Tuesday, January 29 in the Amarillo College Concert Hall Theatre, a lucky audience of approximately fifty was treated to a tour-de-force of vocal and piano virtuosity in a performance of Schubert’s “Winterreise” in its twenty-four song, hour-and-a-half entirety.
Vocal soloist was German tenor Richard Resch, whose upcoming concert schedule over the next three months includes performances in Augsburg, Germany, Jerusalem and Tel Aviv.
He has performed with the Bavarian State Opera and the roster of conductors with whom he’s worked includes the world-renown Christoph Eschenbach.
Dr. Diego Caetano of AC was the pianist, which in this composition is in a duet rather than accompaniment capacity, and whose score represents the mood of the composer.
And, that mood was indeed dark and despondent as Schubert, suffering from a terminal disease, set this cycle of twenty-four poems by Wilhelm Muller to music. The composer would finish proofing the score only days before his death.
The narrative of the poems is a young man with a broken heart fleeing lost love in winter: hence “Winterreise” or winter travels. Everything he sees and feels, from the cold, to a weather vane to a leafless Linden tree remind him of happier days and reinforces his present desperate loneliness.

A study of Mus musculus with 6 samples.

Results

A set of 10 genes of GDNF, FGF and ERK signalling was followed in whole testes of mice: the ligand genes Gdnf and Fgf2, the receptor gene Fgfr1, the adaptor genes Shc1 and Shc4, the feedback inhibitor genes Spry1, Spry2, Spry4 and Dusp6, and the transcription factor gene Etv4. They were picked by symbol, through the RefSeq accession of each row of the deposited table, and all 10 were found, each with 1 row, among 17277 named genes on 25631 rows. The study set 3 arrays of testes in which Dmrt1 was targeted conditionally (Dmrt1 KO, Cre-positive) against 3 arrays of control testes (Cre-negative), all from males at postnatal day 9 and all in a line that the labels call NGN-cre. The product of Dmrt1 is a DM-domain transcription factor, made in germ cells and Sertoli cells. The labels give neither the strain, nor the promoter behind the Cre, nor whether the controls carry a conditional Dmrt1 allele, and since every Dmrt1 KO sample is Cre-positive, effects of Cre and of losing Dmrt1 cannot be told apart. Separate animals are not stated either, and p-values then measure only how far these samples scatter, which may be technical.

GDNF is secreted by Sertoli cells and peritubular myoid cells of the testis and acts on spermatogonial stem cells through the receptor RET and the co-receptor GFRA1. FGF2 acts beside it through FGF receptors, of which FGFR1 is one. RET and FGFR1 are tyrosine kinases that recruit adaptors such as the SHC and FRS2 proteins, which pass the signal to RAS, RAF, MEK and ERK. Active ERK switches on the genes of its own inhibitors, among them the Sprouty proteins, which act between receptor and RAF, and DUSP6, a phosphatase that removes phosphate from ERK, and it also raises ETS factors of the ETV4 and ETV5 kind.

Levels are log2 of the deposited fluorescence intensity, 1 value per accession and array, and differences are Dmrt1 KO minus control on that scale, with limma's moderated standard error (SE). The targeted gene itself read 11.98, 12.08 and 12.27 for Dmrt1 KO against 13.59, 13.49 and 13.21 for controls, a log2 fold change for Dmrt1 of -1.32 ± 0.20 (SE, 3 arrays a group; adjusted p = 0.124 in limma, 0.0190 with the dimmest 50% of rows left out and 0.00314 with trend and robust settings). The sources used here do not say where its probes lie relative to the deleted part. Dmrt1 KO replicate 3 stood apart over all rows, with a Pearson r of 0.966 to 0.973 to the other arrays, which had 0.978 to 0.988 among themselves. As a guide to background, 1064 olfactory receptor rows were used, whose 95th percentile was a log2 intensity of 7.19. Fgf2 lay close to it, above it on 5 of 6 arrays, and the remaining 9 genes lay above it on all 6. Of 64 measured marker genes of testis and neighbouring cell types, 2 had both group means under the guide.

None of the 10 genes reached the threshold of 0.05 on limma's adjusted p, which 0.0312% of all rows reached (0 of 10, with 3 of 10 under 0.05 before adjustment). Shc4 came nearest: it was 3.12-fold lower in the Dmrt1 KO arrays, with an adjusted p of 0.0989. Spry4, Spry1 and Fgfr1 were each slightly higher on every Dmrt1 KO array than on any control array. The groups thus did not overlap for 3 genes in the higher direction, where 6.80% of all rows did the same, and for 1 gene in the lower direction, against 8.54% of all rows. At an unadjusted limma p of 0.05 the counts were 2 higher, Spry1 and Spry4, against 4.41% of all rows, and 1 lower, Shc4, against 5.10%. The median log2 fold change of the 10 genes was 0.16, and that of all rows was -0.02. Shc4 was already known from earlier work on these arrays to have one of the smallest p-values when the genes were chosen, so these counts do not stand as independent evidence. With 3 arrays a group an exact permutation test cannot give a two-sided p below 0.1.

Yet, beyond the heartache, “Winterreise” becomes an allegory of life. Destined for death and beyond the ken of medical science, Schubert involves the listener in his suffering.
As one artist noted, “You have to be haunted by this work to sing it.” For the audience, Prozac might have helped because there ain’t no warm fuzzies here!
On a positive note, the effect of this work on German Lieder remains immense. The vocal and emotional demands of the piece make it, for tenors, a musical Matterhorn.
But climb it with seeming facility was what Richard Resch, along with fellow artistic alpinist Diego Caetano did on Tuesday night. And we, the audience, were enraptured by what we heard despite the downward trajectory of the music’s mood.
We thank Richard, who made a first trip to the states just to add to the cultural conundrum that is the Panhandle. Also, our abiding gratitude remains with Diego, who has so enriched our lives with the international artists he has brought our way.
For a sizable crowd to hear a work as rarefied as “Winterreise” attests to the anomaly of the fine arts here in cowboy country. That’s why we can proudly say, “Keep Amarillo Artsy! Keep Austin Weird! Keep Lubbock in the Rear View Mirror!!!!